Movie review of “Hitman: Agent 47”: The versatile Rupert Friend stars in this futuristic thriller about a genetically engineered assassin. Rating: 1.5 stars out of 4.


As “Hitman: Agent 47” piles up the bodies and body parts, Schwarzenegger-style, it’s difficult to keep score. Who’s really dead and who’s pretending? The movie feels like a continuous loop in which shape-shifting characters put on all sorts of hide-and-seek disguises.

Friend seems at first to be the villain, but (spoiler alert) this may not be the case. Zachary Quinto asks for the trust of the heroine (Hannah Mare), and he seems to deserve it, for a while at least. But what led such gifted actors as Ciarán Hinds (“Munich”) and Thomas Kretchmann (“The Pianist”) to trust this script?

Movie Review ★½  

‘Hitman: Agent 47,’ with Rupert Friend, Zachary Quinto, Hannah Mare, Thomas Kretchmann, Ciarán Hinds. Directed by Aleksander Bach, from a screenplay by Kyle Ward, Skip Woods and Michael Finch. 96 minutes. Rated R for sequences of strong violence and some language. Several theaters.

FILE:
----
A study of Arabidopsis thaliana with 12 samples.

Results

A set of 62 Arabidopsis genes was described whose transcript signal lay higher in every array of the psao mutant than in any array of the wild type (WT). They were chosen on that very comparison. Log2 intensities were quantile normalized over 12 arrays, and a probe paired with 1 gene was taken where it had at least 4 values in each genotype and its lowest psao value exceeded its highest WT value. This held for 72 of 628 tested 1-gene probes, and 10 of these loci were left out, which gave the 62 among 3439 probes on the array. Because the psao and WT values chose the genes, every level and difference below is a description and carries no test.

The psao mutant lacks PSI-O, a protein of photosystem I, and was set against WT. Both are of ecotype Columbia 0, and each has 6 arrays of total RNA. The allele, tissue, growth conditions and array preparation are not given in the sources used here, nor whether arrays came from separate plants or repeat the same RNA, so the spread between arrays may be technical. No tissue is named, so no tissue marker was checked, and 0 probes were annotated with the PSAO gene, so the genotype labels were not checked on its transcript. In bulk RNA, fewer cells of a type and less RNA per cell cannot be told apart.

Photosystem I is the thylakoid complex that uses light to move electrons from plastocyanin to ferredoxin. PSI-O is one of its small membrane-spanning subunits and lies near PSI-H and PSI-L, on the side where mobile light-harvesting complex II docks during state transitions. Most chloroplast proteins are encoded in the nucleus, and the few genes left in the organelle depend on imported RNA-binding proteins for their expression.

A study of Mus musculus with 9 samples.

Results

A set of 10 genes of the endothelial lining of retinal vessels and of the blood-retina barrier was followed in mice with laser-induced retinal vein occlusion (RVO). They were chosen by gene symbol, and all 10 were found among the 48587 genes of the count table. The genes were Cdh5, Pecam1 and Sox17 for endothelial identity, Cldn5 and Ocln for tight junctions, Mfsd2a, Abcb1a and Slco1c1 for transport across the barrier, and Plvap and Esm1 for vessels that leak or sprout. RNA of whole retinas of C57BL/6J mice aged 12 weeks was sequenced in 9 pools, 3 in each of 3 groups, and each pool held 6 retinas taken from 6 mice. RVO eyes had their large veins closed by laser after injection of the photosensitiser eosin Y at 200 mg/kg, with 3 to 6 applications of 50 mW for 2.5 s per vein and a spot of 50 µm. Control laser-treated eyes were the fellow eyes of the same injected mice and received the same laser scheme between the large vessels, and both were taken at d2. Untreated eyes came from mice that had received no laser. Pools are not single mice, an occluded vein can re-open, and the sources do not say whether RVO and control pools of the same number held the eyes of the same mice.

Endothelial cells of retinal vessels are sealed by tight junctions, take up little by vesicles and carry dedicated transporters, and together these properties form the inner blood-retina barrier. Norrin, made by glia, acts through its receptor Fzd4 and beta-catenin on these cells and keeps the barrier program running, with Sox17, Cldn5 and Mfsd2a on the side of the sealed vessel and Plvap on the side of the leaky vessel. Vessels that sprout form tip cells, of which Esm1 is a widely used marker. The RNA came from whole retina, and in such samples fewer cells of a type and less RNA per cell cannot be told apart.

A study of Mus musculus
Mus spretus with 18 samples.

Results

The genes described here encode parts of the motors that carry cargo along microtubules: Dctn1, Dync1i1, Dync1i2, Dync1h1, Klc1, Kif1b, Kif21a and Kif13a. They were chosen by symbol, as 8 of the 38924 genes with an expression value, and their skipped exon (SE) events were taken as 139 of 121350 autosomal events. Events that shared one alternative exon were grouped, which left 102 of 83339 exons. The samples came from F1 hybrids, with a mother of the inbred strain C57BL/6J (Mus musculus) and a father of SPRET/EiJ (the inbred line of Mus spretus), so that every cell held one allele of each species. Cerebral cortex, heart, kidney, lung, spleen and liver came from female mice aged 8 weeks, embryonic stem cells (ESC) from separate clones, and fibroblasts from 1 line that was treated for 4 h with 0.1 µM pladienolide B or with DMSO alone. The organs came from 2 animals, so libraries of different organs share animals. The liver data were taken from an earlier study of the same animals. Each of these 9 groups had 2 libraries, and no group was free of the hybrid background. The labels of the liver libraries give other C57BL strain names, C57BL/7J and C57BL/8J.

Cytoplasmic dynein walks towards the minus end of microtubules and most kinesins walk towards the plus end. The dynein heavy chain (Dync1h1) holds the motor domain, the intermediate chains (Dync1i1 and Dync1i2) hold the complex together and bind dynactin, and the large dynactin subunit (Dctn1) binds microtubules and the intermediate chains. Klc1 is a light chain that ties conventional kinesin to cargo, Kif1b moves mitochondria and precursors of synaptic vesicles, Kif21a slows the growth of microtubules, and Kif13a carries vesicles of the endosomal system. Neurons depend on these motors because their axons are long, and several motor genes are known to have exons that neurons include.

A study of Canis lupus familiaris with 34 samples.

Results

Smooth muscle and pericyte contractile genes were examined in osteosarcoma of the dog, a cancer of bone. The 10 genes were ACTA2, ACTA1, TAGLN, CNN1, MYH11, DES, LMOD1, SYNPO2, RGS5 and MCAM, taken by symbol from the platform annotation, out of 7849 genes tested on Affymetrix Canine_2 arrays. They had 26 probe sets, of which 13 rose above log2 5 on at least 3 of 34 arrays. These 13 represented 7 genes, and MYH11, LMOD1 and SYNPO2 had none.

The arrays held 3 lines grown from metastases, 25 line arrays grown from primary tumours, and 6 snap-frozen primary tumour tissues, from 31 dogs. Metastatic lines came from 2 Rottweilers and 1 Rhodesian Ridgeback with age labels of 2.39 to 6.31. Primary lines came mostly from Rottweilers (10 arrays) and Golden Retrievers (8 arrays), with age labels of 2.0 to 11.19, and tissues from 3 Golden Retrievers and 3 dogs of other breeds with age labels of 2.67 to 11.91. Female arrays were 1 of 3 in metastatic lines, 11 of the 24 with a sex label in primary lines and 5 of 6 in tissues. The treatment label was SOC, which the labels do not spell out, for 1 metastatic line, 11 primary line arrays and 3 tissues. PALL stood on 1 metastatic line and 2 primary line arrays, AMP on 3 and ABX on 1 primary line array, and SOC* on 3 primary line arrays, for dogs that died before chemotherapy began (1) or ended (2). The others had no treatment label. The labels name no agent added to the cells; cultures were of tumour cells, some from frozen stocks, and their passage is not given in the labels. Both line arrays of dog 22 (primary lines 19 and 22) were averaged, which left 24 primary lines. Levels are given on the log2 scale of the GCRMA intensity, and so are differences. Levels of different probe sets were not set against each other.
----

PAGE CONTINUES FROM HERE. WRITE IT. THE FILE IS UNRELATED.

On the surface — and that’s all there is — it seems as pointless and gassy as a “Matrix” sequel. A speech invoking God as competition for creating destructive life-forms is particularly cringe-worthy.

Coming at the end of a movie summer dominated by stunts and special effects, “Hitman: Agent 47” seems especially generic. Why not name the previous installments “Mayhem 1,” “Mayhem 2,” “Mayhem 3,” etc. By this measurement, “Agent 47” feels like “Mayhem 47.”